The Southern Railway was one the ‘Big Four’ private companies running the railways in Britain during the Second World War. Under the direction of the Ministry of (War) Transport, the Southern became a vital part in Britain’s military supply chain. The Southern also maintained a civilian passenger service, continuing to run trains during blackouts and despite incurring heavy bomb damaged.

The Southern Railway had been involved with film making since the late 1930s. The Southern Railway Film Unit (SRFU) was established around the early 1940s. The SRFU films provide coverage of several important aspects of the home front in rare detail.

The following excerpts have been edited to give an impression of the varied content in this collection. They were all filmed by cameramen of the SRFU.



In anticipation of London being targeted by German bombing raids Southern Railway began transporting evacuees to safer areas in the South West of England in 1939. The SRFU were able to record the evacuation of children and hospital patients from several stations around the capital, including Waterloo, Wimbledon and Victoria.

Here, evacuees are shown being assisted by policeman and Civilian Evacuation Officers, from the London County Council, on to trains at Waterloo, 14 December 1939.


Return from Dunkirk

The Southern Railway played a vital role in the evacuation of British troops from Dunkirk in 1940. Southern trains transported troops back inland from England’s South Coast. A small fleet of Southern Railway vessels were also used in the evacuation from France.

In this clip, the British Expeditionary Force (BEF), recently returned from Dunkirk, are seen celebrating their safe return at Redhill Station on 1 June 1940. The BEF, German Prisoners Of War (POWs) and French troops are seen amongst a crowded harbour side at Dover on 2 June 1940. And finally, French troops are gathered on the platform at Margate Station 4 June 1940.


New Zealanders at Waterloo

Allied troops from around the globe passed through or were billeted in Britain during the war. Many would have travelled through London and the South East on Southern Railway services. SRFU cameramen captured troops from Canada, New Zealand, the USA and France in Southern Railway carriages or at stations used by Southern locomotives.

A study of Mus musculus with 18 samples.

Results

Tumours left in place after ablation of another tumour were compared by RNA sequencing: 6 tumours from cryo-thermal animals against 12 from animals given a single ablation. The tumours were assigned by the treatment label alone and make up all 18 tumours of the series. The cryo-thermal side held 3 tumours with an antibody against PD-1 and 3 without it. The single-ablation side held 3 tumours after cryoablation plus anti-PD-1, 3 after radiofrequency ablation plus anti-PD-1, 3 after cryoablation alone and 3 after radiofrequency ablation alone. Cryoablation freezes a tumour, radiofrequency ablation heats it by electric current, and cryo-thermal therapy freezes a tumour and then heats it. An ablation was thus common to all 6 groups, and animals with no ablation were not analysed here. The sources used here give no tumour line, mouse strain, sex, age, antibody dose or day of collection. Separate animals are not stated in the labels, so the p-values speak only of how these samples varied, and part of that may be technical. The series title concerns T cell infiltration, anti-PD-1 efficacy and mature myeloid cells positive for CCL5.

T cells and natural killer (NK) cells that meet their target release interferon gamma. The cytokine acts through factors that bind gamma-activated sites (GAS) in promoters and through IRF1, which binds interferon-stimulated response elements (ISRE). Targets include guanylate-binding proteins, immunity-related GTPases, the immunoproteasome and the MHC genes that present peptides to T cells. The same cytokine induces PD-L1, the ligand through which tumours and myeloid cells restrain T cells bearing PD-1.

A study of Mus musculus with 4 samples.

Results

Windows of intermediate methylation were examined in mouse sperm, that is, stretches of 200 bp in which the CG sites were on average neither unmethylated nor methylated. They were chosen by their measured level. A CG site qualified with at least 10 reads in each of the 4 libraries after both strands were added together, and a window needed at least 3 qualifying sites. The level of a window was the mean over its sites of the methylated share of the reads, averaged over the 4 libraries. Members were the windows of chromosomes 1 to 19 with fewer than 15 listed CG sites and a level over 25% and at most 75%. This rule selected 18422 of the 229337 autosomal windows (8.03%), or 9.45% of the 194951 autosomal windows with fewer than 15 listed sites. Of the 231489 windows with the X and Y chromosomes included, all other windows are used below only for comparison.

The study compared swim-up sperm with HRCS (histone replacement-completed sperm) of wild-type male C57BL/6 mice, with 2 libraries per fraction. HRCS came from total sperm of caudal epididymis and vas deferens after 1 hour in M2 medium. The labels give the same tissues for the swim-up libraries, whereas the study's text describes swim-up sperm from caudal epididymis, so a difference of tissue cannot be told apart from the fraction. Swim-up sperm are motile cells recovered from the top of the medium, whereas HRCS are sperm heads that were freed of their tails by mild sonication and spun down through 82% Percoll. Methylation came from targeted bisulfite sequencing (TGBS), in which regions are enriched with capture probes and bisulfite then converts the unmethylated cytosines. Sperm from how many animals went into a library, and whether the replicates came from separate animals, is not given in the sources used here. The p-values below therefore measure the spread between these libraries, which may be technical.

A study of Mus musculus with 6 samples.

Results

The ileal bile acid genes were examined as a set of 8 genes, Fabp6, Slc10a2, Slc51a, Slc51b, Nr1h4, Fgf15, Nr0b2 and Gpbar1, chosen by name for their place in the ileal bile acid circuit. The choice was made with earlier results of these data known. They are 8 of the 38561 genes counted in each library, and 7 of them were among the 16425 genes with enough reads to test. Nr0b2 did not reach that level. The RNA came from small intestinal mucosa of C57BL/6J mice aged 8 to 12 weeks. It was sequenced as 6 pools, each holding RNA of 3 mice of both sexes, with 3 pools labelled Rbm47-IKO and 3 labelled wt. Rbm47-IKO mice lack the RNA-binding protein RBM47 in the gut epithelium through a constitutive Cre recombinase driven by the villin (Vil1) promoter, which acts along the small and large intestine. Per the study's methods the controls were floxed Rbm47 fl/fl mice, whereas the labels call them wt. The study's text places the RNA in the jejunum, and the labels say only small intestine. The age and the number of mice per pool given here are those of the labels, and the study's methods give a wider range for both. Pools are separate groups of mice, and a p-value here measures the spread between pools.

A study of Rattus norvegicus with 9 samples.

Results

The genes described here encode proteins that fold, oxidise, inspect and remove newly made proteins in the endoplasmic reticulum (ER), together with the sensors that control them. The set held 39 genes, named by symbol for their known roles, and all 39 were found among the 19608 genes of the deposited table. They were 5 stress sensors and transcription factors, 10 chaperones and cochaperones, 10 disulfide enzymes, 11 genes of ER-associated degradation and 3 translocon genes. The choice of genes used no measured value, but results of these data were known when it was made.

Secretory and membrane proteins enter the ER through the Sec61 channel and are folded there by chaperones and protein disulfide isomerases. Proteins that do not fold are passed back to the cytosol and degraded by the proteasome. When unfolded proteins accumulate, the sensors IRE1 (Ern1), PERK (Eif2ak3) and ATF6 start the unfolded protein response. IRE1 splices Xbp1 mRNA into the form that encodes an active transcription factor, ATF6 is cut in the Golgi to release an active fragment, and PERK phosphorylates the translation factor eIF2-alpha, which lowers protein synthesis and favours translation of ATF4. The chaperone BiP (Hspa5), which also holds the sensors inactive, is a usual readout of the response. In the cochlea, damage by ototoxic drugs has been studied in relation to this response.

This footage shows New Zealanders from the 2nd Expeditionary Force arriving at Waterloo Station, London, 24 June 1940.


Bomb damage at Waterloo

As a main source of supply and troop mobilisation, the railways were often targeted during German bombing raids. The Southern Railway films capture some of the devastation inflicted on the tracks, at stations, railway bridges and surrounding areas. Such damage could have a major impact on the war effort, so men and resources were directed towards restoring the rail network as a priority.

This film shows how temporary repairs allowed locomotives to continue using the severely damaged Hill Street Bridge, over Pocock Street in South London  in December 1940. It also shows a large bomb crater outside  the Memorial Arch entrance of Waterloo Station. A second bomb crater reveals how the transport network continued to operate below the surface, in spite of the devastation above ground on 5 – 9 December 1940. Finally, a railway bridge over Southwark Street, South London, is shown damaged beyond use on19 April 1941.


Home Guard of the Southern Railway


The Southern Railway tried to ensure their staff were prepared to deal with the aftermath of bombing raids by training them in Air Raid Precaution (APR) skills such as first aid and fire-watch duties. They also established a dedicated Home Guard to undertake patrol duties at vulnerable locations and operate anti-aircraft guns.

In this clip, the Southern Railway Home Guard undertake aircraft recognition training before running practice drills on a Bofors anti-aircraft gun, overseen by a British Army Sergeant from the Royal Artillery at Lancing Carriage Works in West Sussex on 22 November 1944.


Southampton’s dockyards in preparation for D-Day

The Southern Railway owned a dockyard at Southampton prior to the outbreak of the Second World War. It was used extensively to ship large quantities of military freight and personnel over the course of the conflict and was especially busy around the time of D-Day, the Allied invasion of Europe.

From D-Day to VE Day, over two and a half million British and American service personnel passed through the dockyards at Southampton. Some of this activity and the build-up to D-Day was captured on film by SRFU cameraman.

This clip shows activity around the Southern Railway docks in the build-up to D-Day. Large numbers of Landing Craft can be seen moored in preparation for the invasion on 30 March 1944. The second part of the sequence features an event to mark the “One Millionth Yank” to disembark from Southampton, followed by American troops loading onto troops ships, months after the D-Day landings  on 25 October 1944.